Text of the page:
By Susan Winston, MSW, LCSW
The fastest growing segment of the population in the United States are seniors over the age of 85. Older persons in the United States are faced with many challenges.
According to The Merck Manual of Geriatrics, Americans over age eighty-five account for about 12 percent of all elderly. This figure is expected to rise to 18 percent by the year 2040. The average number of years a person can be expected to live fairly free of physical or cognitive disability is 77 for men and 81 for women. This has many implications for the needs of or increasing older population.
Due to innovations in medicine, pharmacology, and other healthcare services, mortality and morbidity rates are declining. As a result, hospital stays have been sharply reduced, prompting an expansion of needed community-based services. This includes skilled and home-attendant, social work and psychiatric supports, senior centers and adult day health care programs, medical care, hospice care and more.
Due to increased longevity, seniors are often faced with inadequate savings and income because of increasing cost of living expenses. This is a stressful situation as well a serious threat to independence. High insurance co-payments, spend-downs (jargon), and prescription costs can be an obstacle to needed medical care.
The following illustrates an example of the special needs of the older client:
Mrs. R. is a 79-year-old divorced immigrant. She had been hospitalized several times to treat depression. Because she was feeling stressed by immigrating to this country and also felt depressed, she sought help at an outpatient clinic. Mrs. R. told the psychotherapist that she had been having trouble getting out of bed and carrying out her normal daily routine.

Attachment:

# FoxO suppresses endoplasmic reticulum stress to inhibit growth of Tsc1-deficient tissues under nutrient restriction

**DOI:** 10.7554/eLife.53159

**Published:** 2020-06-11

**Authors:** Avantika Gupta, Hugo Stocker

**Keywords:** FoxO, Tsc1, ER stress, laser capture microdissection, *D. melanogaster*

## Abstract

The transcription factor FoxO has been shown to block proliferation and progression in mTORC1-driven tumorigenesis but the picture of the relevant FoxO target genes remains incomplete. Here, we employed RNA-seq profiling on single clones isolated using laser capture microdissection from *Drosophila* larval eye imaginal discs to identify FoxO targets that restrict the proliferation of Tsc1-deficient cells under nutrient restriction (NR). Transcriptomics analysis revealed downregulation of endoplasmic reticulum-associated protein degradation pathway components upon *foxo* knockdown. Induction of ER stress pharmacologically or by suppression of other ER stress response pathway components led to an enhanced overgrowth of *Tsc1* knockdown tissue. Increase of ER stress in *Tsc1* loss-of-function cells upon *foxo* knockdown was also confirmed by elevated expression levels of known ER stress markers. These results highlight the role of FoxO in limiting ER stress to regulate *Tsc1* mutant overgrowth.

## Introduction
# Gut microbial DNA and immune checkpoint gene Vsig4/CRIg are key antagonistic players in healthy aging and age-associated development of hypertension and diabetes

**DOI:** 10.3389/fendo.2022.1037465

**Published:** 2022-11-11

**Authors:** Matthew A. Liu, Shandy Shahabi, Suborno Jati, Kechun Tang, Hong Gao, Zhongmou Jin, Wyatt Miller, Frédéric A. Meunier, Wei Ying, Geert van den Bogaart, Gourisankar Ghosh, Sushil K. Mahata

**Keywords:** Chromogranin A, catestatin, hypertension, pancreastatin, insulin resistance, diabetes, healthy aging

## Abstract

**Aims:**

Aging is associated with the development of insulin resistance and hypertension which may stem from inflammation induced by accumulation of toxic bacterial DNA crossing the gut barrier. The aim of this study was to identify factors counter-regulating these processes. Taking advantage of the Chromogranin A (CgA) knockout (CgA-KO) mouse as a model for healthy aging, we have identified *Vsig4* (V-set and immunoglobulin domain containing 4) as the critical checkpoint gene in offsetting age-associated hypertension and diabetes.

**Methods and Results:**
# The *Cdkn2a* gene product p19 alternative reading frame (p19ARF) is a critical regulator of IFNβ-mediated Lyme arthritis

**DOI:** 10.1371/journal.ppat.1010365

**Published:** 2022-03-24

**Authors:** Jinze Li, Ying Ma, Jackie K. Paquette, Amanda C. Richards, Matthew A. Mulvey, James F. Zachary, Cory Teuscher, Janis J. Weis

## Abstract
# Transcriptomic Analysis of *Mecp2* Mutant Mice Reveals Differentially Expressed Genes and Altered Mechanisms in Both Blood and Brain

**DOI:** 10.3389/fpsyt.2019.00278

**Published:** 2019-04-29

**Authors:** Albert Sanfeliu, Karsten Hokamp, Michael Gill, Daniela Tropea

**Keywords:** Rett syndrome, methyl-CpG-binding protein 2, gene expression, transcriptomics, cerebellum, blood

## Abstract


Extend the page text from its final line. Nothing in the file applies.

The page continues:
Mrs. R. received individual psychotherapy and medication management to address her depression and enable her to resume the tasks of daily living. Although she became psychiatrically stable with improved daily functioning, her medical health deteriorated. Mrs. R. was diagnosed with hepatitis C, high blood pressure, and asthma.
Since beginning chemotherapy treatment for hepatitis, her depression worsened. This is a common problem in the elderly where medications can have psychiatric and physical side effects. This can further impair functioning and complicate diagnoses and treatment. In this case, Mrs. R. stopped taking her psychotropic medication, her severe depression returned and a prolonged psychiatric hospitalization followed.
How Social Workers Help
A social worker helped Mrs. R. in the following ways.
- Collaborated with the patient’s various medical and psychiatric providers.
- Monitored Mrs. R’s medications and made sure she took them correctly and on schedule.
- Linked Mrs. R. to a Medical Day Program who could provide daily medical and social and support as well as attend to her activities of daily living.
Collaboration and coordination was key to the success of this individual. Social workers routinely assess, intervene, and link patients like Mrs. R. to the services they need.
A Look Toward the Future Needs of the Elderly
Increased Adult Day Medical as well as Social Programs can improve the provision of daily medical oversight, bathing, and meals to insure proper nutrition, cognitive remediation, and social supports. They also serve as respite care for caregivers. Spirituality is often overlooked. Exploration into clients’ beliefs and faith can be an excellent source of support and can be incorporated into the social work interventions.
Cognitive Remediation is a growing need as well. For the elderly the three D’s are “Delirium,” “Dementia” and “Depression.” Each is prevalent, and negatively impact on daily functioning and quality of life, emotionally and physically. Services in medical and mental health programs need to increase focus on improving cognitive skills and helping clients cope and adapt to declining cognitive functioning.